Britain's Prime Minister Theresa May spoke in Parliament as she announced that she has sent the letter to trigger the process of leaving the European Union in London, March 29, 2017. Reuters

The U.K.’s ambassador to the European Union handed over a six-page letter from British Prime Minister Theresa May to EU leader Donald Tusk on Wednesday, initiating the process of detaching the country from the bloc—a move more commonly known as “Brexit.”

To do that, May must invoke Article 50 of the Treaty of Lisbon, which tied together previous agreements to form the current iteration of the EU. It was signed in December 2007 and went into force about two years later.

Read: Brexit Triggered By Theresa May's Letter To European Union

Article 50 of that treaty allows any member state to “decide to withdraw from the Union in accordance with its own constitutional requirements” as long as that nation gives the EU some advance notice. However, the decision to break away from the bloc isn’t a done deal as soon as the member state decides to leave.

“In the light of the guidelines provided by the European Council, the Union shall negotiate and conclude an agreement with that State, setting out the arrangements for its withdrawal, taking account of the framework for its future relationship with the Union,” the treaty states, adding that the deal must be reached in accordance with another item of the agreement, Article 218(3), which outlines the negotiation process. “It shall be concluded on behalf of the Union by the Council, acting by a qualified majority, after obtaining the consent of the European Parliament.”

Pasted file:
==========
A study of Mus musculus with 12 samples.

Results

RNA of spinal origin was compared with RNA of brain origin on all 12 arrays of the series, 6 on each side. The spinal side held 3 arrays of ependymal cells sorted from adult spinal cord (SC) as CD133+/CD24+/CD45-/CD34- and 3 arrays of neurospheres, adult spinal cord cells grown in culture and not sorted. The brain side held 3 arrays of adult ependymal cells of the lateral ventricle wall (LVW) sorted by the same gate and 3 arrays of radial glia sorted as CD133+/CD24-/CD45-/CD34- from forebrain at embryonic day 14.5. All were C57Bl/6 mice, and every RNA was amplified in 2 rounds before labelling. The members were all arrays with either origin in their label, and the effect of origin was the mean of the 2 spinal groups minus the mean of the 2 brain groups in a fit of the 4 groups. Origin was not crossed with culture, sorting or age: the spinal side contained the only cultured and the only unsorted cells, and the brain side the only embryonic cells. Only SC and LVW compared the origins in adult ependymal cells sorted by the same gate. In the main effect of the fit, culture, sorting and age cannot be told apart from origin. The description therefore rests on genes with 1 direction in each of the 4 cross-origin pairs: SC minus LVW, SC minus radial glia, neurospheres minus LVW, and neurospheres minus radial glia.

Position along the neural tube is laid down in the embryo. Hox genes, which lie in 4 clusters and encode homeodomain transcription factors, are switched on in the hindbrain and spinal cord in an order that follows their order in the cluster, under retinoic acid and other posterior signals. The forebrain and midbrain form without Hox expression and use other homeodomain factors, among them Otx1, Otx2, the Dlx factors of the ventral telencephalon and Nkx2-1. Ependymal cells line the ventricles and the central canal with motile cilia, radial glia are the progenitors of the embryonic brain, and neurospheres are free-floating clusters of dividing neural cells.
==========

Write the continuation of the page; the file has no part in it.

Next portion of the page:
Once the negotiations come to a close, the treaties defining the rules—and benefits, such as subsidies and little to no trade barriers—of EU membership would no longer apply.

May promised Wednesday to score “the right deal for every person in this country,” but exporters alone in the U.K. would lose an estimated $7.6 billion, produce prices in the country would likely rise 8 percent, the bill charged by EU negotiators could be up to nearly $75 billion and the U.K.’s gross domestic product could fall by as much as 9.5 percent compared to a future remaining in the EU.


Tusk—who presides over the European Council, a group consisting of the heads of state of every country in the EU—set the date for the political body’s negotiations with the U.K. as April 29, according to a statement from the council in response to May’s letter.